Grande Bundles Up A Texas-Sized $231 Million First Round

Even though Grande Communications has not yet built its extensive fiber-rich broadband communications network along the I-35 corridor between Austin and San Antonio, the company has certainly managed to live up to its name when it comes to raising capital. Indeed, the firm recently completed a $231.8 million first venture round led by J.H. Whitney and The Centennial Funds.

According to data from Venture Economics, the Grande transaction ranks as the largest sum venture investment ever for a Texas-based company and the ninth largest overall in the nation’s history. It is also the most expensive round of venture financing completed so far this year.

David Hull, general partner at Centennial, said that his firm’s commitment came in at $27 million and that the J.H. Whitney investment was slightly higher. Both Hull and James Matthews, general partner at J.H. Whitney, will sit on Grande’s board along with existing company executives and Robert Hughes, managing director at Prime New Ventures.

“This company has a management team that we are familiar with and have a great deal of confidence in because they are really the most experienced team in the country when it comes to this type of broadband activity,” Hull said.

Additional participants in the 15-fund transaction included HarbourVest, AltaComm, Austin Ventures, Hoak Communications, CIBC, Trinity Ventures, BancBoston, Toronto Dominion, Kinetic, South Atlantic, Convergent and Weiss, Peck & Greer.

Proceeds from the deal will be used to help Grande build its network from the ground up, a far cry from the rebuilding of antiquated systems that some other telecommunications companies are currently attempting to do. Once completed, Grande will be able to offer customers a bundle package that will include analog and digital cable, high-speed Internet access and local and long-distance telephony.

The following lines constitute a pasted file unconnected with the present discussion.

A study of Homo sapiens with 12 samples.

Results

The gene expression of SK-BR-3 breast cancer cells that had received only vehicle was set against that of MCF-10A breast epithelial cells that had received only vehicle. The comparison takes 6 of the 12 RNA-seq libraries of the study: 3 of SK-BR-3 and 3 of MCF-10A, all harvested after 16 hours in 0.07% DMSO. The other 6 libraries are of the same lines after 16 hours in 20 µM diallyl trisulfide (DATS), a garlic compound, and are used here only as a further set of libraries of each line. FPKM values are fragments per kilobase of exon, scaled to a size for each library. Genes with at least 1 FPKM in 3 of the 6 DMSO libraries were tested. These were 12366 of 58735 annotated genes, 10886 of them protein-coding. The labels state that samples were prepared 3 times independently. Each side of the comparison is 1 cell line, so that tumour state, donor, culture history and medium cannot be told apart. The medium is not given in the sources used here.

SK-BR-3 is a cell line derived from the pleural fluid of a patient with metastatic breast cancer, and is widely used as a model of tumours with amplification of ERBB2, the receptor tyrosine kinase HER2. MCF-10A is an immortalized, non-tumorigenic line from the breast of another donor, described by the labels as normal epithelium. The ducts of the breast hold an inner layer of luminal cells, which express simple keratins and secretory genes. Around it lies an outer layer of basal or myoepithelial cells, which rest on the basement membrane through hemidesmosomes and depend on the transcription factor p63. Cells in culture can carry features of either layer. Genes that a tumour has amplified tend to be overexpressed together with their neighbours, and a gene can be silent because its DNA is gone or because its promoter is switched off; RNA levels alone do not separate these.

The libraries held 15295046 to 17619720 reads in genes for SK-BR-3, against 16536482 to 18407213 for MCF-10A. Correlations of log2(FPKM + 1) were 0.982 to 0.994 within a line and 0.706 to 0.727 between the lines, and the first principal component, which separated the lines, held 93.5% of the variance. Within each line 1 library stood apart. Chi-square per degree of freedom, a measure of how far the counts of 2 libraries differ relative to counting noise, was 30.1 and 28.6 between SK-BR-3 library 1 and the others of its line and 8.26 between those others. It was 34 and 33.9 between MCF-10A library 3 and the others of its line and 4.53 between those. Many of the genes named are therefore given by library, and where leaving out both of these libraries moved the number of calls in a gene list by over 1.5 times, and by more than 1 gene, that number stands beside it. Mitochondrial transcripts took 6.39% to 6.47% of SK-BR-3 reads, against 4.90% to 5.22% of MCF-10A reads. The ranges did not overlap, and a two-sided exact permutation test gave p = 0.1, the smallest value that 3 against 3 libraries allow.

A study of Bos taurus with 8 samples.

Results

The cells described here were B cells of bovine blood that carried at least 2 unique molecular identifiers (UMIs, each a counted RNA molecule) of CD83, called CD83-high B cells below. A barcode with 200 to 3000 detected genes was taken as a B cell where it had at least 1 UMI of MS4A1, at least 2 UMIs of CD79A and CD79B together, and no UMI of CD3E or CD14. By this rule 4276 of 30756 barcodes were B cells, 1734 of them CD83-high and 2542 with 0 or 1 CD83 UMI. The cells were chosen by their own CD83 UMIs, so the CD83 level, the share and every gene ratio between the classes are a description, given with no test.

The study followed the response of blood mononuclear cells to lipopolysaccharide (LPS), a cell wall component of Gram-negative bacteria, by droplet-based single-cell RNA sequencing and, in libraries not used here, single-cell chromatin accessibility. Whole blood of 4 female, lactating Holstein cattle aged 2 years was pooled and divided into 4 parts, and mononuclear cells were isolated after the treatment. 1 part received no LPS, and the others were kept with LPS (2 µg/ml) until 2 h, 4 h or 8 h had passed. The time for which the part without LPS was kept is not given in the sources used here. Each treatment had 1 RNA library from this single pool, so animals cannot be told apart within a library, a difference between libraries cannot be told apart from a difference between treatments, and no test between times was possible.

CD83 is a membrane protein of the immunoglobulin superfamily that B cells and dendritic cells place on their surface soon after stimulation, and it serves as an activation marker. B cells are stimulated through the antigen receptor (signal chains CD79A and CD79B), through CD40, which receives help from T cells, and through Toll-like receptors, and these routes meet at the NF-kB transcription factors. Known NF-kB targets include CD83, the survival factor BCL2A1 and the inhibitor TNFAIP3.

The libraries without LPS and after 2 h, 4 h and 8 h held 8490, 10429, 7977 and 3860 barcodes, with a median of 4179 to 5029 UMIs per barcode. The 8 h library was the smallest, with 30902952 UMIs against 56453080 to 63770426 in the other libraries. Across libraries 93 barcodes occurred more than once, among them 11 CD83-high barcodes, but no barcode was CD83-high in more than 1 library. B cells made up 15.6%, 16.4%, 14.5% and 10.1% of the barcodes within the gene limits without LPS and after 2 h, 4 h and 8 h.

Unlike other recent start-ups that have received exceptional venture funding, like WebVan Group Inc., Grande has no current plans to expand outside of its geographical target area.

“We feel very strongly that we need to get this market started before we look at other markets, either in Texas or beyond,” said Tipton Ross, executive vice president at Grande. “We want to make sure that we’re executing this business plan properly before looking at other opportunities.”

While such a wait-and-see attitude seems to be a sensible approach, it should also be recognized that Grande’s exclusivity only applies to the I-35 corridor. Indeed, companies such as RCN Corp., Knology Inc. and ClearSource Inc. are also in the process of building similar networks, albeit in different locations.

“There is a certain window to execute in this marketplace,” Hull said. “What will really help Grande, though, is that it has strong strategic partnerships with both Knology and ClearSource.”

Grande hopes to have its first customers signed on by the end of the year, an aspiration that Hull described as ambitious yet possible. “I wouldn’t bet against [the Grande team] getting it done,” he said.